Short Term Responses To Debt Crisis
The American debt crisis led to significant slowdowns in the economic growth all over the world. The fourth quarter of 2008 saw an increase in the unemployment rate, touching 11 % highest rate since 1983. Real gross domestic product reduced at rate of approximately 6 percent annually. The average working hours per week were reduced to 33. The U.S. Federal Reserve and central banks around the world enacted some short term responses to debt crisis to avoid the risk of a deflationary spiral Read on to know more on the subject.
Several steps have been taken to increase money supplies as growing unemployment had led to a decline in global spending. To offset the reduction in private sector demand caused by the debt crisis, the governments have enacted large fiscal stimulus packages as debt crisis short term response. The U.S. implemented two stimulus packages, worth over nearly $1 trillion in 2008 and 2009.
The debt crisis brought the global financial system to the threshold of collapsing. The short term responses to American debt crisis of the U.S. Federal Reserve, the European Central Bank, and other central banks were instant and remarkable. These central banks bought US$2.5 trillion of government debt and distressed private assets from banks during the last quarter of 2008. In the world history, this was the largest liquidity injection into the credit market, and also the largest monetary policy action.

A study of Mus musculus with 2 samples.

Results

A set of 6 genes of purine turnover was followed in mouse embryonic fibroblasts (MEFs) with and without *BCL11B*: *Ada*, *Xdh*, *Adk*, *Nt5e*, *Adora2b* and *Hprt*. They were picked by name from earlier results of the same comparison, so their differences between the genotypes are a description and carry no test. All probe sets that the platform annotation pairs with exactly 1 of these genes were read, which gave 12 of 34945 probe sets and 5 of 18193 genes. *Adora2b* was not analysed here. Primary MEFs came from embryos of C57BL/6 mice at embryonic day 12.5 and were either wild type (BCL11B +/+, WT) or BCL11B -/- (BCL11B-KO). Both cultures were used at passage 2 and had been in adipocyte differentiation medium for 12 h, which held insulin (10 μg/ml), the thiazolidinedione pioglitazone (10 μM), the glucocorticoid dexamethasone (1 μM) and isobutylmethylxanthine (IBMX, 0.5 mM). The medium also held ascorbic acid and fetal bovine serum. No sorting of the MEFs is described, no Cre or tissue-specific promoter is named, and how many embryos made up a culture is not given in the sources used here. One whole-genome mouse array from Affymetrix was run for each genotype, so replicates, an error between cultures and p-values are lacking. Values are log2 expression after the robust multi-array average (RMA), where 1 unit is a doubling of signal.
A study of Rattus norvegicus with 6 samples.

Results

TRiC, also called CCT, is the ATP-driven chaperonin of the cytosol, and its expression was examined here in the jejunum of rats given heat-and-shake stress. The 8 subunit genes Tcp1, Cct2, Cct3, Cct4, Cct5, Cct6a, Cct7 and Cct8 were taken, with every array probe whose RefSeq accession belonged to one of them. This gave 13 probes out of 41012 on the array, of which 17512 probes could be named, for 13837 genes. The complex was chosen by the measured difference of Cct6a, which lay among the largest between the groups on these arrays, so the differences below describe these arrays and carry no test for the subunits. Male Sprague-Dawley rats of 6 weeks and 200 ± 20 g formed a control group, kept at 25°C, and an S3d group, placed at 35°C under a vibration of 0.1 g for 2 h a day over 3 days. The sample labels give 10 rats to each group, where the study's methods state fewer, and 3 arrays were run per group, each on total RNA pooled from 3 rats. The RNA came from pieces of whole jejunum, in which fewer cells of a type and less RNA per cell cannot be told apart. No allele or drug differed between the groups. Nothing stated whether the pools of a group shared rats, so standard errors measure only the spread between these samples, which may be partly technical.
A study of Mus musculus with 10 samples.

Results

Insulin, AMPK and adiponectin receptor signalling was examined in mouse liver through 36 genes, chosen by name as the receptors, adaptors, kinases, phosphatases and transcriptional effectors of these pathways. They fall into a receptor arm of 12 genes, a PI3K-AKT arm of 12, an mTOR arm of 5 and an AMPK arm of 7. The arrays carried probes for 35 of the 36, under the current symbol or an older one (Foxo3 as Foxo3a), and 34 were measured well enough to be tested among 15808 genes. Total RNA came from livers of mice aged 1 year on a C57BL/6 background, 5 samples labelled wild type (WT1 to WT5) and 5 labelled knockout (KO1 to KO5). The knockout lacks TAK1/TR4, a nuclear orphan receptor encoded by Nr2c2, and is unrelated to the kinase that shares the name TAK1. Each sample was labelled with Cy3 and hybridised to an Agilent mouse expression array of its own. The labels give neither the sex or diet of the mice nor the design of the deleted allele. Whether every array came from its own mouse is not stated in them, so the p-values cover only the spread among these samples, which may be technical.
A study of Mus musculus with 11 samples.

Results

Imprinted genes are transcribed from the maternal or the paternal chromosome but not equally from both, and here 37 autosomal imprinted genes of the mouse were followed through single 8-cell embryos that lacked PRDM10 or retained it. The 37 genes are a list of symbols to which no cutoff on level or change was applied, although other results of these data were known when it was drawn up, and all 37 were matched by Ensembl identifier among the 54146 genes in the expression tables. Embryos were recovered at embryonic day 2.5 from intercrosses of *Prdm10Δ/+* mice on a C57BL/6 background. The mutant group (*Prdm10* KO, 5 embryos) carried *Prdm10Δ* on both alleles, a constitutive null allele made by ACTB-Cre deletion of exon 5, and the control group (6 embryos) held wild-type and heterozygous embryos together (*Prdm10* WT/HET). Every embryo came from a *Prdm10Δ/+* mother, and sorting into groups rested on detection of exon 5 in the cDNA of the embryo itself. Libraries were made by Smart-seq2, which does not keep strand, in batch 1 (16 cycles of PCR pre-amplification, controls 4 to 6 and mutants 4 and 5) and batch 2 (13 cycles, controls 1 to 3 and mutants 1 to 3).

The European governments and USA also increased the funds of their national banking systems by $1.5 trillion, by buying newly issued preferred stock in their major banks. As short term responses to debt crisis, the governments also bailed out a variety of firms thus bearing large financial obligations. To date, different U.S. government agencies have obligated trillions of dollars in loans, asset purchases, guarantees, and direct spending.